Want to get a great easy-care look for the yard this year? Plants that say no to pests and shrug off disease? Doesn't everybody? To celebrate the 25th anniversary of the Master Gardening program in Minnesota these professionally trained volunteer...

Want to get a great easy-care look for the yard this year? Plants that say no to pests and shrug off disease? Doesn't everybody? To celebrate the 25th anniversary of the Master Gardening program in Minnesota these professionally trained volunteers have assembled a list of their top 25 suggestions for an ornamental garden.
These plants are resistant to pests and disease and require little in the way of pruning and no staking. They are the workhorses of the garden with features such as continual bloom, great foliage, winter interest, or fall color that earn them their place on the list. Here are the top picks of some of the top gardeners in Minnesota.
Top trees
Long lasting good looks in a garden start with the big stuff, the shade and flowering trees around which the rest of the garden can be built. The first two are the big guys, trees that aren't likely to quit 15 years into planting because they are native to our state. The remainder are great choices for a smaller area or to accent existing treed yards, with three- season interest.
1. Bur oak (Quercus macrocarpa)
2. Pagoda dogwood (Cornus alternifolia)
3. Japanese tree lilac "Ivory Silk" (Syringa reticulata "Ivory Silk")
4. Flowering crab "Prairie Fire" (Malus "Prairie Fire")
5. White pine (Pinus strobus)
Top flowering shrubs
Shrubs as specimens, groupings or hedges are a big part of a good landscape plan. These suggestions are hard workers featuring a variety of shapes and bloom times for three seasons of interest.
6. Serviceberry (Amelanchior)
7. Rhododendron "Northern Lights" azalea series
8. Forsythia "Meadowlark" (Forsythia ovata)
9. Compact viburnum (Viburnum trilobum "Compactum")
10. Hydrangea "PeeGee" (Hydrangea paniculata "Grandiflora")
11. Korean lilac "Miss Kim" (Syringa patula "Miss Kim")
Top shrub roses
The varieties of shrub roses newly available today as well as old favorites boast a long season of bloom with good flower shape and color as well as colorful rose hips in the fall. They make roses within the reach of even beginning gardeners. To make them even more irresistible they are very disease resistant. Like all roses they prefer rich soil, at least six hours of sun, and plenty of moisture; consistent rebloom is achieved if they are fertilized and watered regularly after their initial flush of bloom in early summer. Be sure to purchase plants that are grown on their own roots, not grafted, and they will be hardy throughout Minnesota with little winter protection. Not needing the winter care of the hybrid teas, they can be included with other perennials in the border. These suggestions include varied colors and choices that will work for the entire state.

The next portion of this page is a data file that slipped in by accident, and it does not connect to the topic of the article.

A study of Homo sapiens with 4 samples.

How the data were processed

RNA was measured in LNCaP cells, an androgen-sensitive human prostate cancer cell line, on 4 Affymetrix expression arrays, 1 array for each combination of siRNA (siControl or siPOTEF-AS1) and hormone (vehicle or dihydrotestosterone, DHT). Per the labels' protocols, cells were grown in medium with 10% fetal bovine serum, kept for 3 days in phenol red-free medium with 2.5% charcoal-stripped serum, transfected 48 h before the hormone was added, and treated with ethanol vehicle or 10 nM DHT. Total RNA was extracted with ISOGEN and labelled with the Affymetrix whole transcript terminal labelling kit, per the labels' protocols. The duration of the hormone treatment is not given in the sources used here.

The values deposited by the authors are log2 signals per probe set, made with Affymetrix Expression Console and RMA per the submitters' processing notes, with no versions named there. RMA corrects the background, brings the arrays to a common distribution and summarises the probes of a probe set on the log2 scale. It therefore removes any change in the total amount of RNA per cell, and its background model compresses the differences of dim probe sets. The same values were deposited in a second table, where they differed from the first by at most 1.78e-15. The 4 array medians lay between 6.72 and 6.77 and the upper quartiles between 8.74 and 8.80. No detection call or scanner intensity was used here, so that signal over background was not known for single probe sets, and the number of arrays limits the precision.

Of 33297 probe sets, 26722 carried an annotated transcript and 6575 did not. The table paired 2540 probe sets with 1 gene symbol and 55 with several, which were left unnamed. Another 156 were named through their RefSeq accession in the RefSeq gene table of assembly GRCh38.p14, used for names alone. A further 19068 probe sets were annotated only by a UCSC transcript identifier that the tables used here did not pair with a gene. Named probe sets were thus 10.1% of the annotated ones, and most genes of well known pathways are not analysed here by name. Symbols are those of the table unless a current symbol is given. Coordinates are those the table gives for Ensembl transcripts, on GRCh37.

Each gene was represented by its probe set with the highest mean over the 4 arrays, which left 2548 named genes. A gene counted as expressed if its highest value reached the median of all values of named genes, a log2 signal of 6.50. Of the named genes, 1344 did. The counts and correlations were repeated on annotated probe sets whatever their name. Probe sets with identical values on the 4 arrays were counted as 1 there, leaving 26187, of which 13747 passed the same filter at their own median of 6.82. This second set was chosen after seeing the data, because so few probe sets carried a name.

12. "William Baffin"
13. "Winnipeg Parks"
14. Morden "Sunrise"
15. "Therese Bugnet"
Top perennials
Continual bloom is that elusive goal of most ornamental gardeners. There are many wonderful perennials that have a good display for ten days or so, and there are many that bloom longer but have disease problems or are invasive. The suggestions below were chosen by the Master Gardeners with this goal in mind as well as for ease in cultivation for a novice gardener, disease and drought resistance, and availability.
16. Perennial salvia
17. Daylily
18. Rudbeckia
19. Upright sedum
20. Calamagrostis "Karl Foerster"
21. Hosta
22. Heuchera
Top annuals/container plants
Gardening in containers whether large or small has become popular because they offer versatility and a chance to be creative. Think of them as a mini-garden in terms of design; vary colors and textures and alternate trailers with plants that give height. Don't forget to include plants with interesting foliage; even though they do not bloom they provide consistent color appeal.
As in a regular garden the growing medium is important. It should be light so the pots don't get too heavy, and drain well, but should also be moisture-retentive. As a person gains experience with container gardening all kinds of experimentation is possible in concocting sure-fire planting mixes. In the beginning a good commercial mix specific for containers is the easiest way to ensure success. Enhance it with a slow-release fertilizer for season-long benefits. Why not keep the plants going into fall?
Refresh the containers in mid-August by cutting back the plants and giving then a new dose of fertilizer. Here are some suggestions of proven performers from area Master Gardeners.
23. "Wave" petunias
24. "Profusion" zinnias
25. Impatiens ("Dazzler" and "Fiesta" series)
To enliven your containers use foliage plants to weave consistent color and shape throughout the planter.
Some favorites are "helichrysum" or Licorice plant, Sweet Potato Vine Margarita and Blackie, "strobilanthes" or Persian Shield, both the silver and variegated forms of "plectranthus" or Swedish Ivy, and all true ivies. They provide the back drop for the colorful plants listed above, whether in the container or out of it.
More information about the plants on the "top 25" list is on the Master Gardener Web site at http://www.mg.umn.edu .
These suggestions and many other hints to help area gardeners are available from the Master Gardeners. Ask a Master Gardener at your county Extension office or call the Yard and Garden Hotline at (612) 624-4771 in the metro area or (888) 624-4771 in greater Minnesota for assistance.